Last week when I was sick I started playing a new card game on my friend’s laptop. It required just enough thought to occupy me, but not too much thought that I was still able to play with my congested, cold-medicine fog.
This game had a neat feature. It had an undo option. If you moved a card and then discovered you were at a dead end or that you didn’t like the card beneath, you could simply click “undo” and go back. Beautiful. At first I was quite pleased at this discovery and my success at the game increased.
But then something happened. The game lost meaning (as much meaning as a computer card game can have) and I felt like I was cheating. My choices didn’t matter. There was no “risk”. I didn’t have to think. I could just undo. I didn’t have to engage any faculties other than my index finger clicking over and over “undo”. Pointless.
In life I think we often wish there was an “undo” button. We say something stupid or heartless and click “undo”. We do something sinful or damaging and simply click “undo”. We make the wrong choice and ever so quickly we click “undo”. But in life there is no undo button.
When Adam and Eve sinned, when we sin, God doesn’t simply click a big undo button in the sky to erase what we’ve done. Why not? This would take away our freewill, our choice, our ability to think and engage our faculties, our ability to really live this life. It would take away all meaning. Nothing we do or didn’t do would matter. God could just click and undo.
Now clicking a button would be much easier on God. But it would leave us unable to truly love (freedom being a prerequisite for love). So what does he do instead? God finds another way. He sends his Son to die for our offenses.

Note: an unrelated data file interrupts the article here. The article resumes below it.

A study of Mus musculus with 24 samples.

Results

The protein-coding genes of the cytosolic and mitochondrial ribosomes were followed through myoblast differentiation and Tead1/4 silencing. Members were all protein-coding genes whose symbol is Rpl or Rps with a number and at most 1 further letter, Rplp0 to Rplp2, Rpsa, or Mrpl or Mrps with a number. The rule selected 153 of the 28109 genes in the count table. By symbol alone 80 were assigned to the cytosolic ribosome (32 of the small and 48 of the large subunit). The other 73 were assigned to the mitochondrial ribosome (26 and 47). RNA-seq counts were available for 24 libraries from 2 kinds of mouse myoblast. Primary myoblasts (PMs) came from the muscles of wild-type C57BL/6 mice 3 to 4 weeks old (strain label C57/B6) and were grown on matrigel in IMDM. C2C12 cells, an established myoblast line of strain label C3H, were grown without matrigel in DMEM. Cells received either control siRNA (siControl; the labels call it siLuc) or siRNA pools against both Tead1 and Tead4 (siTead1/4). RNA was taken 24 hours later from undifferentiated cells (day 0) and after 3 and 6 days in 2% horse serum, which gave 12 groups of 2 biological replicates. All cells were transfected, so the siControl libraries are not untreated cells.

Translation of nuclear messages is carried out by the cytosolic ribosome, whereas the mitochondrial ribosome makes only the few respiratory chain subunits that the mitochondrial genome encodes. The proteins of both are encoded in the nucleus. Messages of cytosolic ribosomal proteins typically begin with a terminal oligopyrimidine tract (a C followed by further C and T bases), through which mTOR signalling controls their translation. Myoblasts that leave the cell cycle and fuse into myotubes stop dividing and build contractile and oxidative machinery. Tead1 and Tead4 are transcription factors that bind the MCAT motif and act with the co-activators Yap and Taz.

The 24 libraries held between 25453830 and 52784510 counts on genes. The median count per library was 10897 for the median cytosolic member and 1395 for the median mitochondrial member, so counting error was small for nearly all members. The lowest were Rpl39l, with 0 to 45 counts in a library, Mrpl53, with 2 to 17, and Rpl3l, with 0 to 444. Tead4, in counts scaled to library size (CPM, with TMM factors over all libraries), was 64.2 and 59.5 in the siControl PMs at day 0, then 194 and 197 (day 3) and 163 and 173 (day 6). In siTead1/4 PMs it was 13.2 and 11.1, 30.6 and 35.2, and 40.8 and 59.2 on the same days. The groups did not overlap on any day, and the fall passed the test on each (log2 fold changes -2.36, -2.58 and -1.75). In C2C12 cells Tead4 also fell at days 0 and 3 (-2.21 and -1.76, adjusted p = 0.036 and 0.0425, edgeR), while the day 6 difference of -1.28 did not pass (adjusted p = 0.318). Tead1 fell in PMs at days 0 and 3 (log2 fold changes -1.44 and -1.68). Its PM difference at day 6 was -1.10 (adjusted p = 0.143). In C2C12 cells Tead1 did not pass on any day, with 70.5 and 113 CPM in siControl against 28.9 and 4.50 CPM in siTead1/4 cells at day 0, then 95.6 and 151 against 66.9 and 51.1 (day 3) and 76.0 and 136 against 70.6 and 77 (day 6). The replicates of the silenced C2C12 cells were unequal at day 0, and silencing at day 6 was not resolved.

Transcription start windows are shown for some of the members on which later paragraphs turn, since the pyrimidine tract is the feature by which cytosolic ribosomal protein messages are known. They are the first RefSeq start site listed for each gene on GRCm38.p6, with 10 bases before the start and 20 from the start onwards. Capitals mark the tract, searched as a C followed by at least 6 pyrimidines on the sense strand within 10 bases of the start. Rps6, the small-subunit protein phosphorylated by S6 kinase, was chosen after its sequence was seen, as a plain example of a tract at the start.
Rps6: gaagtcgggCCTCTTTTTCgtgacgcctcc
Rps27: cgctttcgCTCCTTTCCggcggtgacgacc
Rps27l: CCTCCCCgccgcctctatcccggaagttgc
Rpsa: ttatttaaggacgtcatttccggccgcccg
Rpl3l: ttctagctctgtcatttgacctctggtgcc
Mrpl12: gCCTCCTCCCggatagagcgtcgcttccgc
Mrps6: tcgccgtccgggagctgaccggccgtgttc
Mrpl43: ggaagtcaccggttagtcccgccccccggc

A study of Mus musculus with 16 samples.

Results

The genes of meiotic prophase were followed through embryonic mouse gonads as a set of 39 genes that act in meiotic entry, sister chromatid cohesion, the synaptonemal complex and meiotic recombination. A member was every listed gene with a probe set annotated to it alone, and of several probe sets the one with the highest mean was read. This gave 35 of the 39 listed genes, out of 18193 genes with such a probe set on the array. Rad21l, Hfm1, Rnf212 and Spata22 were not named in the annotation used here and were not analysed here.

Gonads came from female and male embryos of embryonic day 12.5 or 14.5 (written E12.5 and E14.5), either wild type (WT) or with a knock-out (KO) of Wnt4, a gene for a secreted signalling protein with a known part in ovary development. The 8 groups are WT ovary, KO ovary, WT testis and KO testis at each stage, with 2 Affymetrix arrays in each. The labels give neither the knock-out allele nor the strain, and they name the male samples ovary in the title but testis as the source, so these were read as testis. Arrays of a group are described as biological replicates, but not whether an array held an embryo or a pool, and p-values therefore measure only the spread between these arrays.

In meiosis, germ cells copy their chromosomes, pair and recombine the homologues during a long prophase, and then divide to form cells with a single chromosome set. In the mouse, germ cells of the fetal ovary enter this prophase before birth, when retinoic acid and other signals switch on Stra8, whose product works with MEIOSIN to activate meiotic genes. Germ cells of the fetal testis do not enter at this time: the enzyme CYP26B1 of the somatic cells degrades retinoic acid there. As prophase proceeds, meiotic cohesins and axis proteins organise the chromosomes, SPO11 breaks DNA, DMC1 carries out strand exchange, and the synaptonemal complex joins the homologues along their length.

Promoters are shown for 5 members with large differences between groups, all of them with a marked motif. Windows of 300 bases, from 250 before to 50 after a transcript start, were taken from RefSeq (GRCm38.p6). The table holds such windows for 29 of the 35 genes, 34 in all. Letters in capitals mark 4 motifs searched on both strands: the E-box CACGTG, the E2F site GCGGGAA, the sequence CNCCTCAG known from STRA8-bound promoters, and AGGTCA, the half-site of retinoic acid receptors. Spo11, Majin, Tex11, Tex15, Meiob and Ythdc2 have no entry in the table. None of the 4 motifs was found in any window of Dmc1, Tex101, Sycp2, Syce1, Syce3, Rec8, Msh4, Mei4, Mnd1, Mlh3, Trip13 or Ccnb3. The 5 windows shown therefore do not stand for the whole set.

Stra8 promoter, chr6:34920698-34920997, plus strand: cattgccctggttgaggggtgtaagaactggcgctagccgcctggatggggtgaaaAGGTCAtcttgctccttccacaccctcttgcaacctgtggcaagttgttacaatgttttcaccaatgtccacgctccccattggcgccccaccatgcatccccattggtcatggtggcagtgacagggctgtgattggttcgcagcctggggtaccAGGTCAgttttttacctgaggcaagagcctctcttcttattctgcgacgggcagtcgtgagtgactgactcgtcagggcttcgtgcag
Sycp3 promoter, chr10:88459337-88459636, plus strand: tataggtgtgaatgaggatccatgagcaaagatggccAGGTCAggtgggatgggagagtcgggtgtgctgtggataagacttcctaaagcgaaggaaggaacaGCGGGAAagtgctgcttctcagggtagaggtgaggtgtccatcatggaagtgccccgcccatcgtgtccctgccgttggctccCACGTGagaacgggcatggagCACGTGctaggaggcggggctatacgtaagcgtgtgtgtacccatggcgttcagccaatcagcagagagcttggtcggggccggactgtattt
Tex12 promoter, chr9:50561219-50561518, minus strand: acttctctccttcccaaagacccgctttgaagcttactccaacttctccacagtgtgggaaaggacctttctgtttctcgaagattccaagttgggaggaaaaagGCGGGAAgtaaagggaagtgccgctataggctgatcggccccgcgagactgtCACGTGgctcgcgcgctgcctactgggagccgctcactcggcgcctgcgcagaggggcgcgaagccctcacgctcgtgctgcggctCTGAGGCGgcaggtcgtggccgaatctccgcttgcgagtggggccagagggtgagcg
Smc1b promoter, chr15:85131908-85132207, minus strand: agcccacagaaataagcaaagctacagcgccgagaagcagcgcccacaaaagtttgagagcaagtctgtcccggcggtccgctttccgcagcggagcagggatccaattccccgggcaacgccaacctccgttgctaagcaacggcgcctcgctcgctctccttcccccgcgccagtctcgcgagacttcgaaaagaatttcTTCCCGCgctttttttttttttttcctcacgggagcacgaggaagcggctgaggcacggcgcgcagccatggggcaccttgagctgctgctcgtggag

In life there is no undo button. But we have something better. We have the Cross.
- It doesn’t erase our freedom. It wins it. We have true freedom from sin and death.
- It doesn’t take away our choices. It enables them. We have grace to choose the good and avoid the bad.
- It doesn’t reduce our ability to think and engage our faculties. It perfects them. We are “transformed by the renewal of our minds” and we can know the will of God! (Romans 12)
- It doesn’t diminish meaning or make choices pointless. It gives meaning to suffering and value to the “least of these”. (Matthew 25)
- It doesn’t keep us from really living life. It empowers us to live for something, for Someone, greater than ourselves.
No, Christ’s death on the Cross is not an undo button. It doesn’t go back or erase. It does more. It transforms us. It redeems us. It heals us. And we are better for it.
Through the Cross God says to us, “I love you enough to suffer the consequences of your sins so that you can be healed and transformed and in loving union with me!” Wow.
This Lent may we take some time to reflect on the Cross. Perhaps it is an image very familiar to us, but think about what it means. What has Christ won for you? How has Christ healed you? How has his death given you life?
And thank God there is no “undo” button. We have the power of the Cross instead.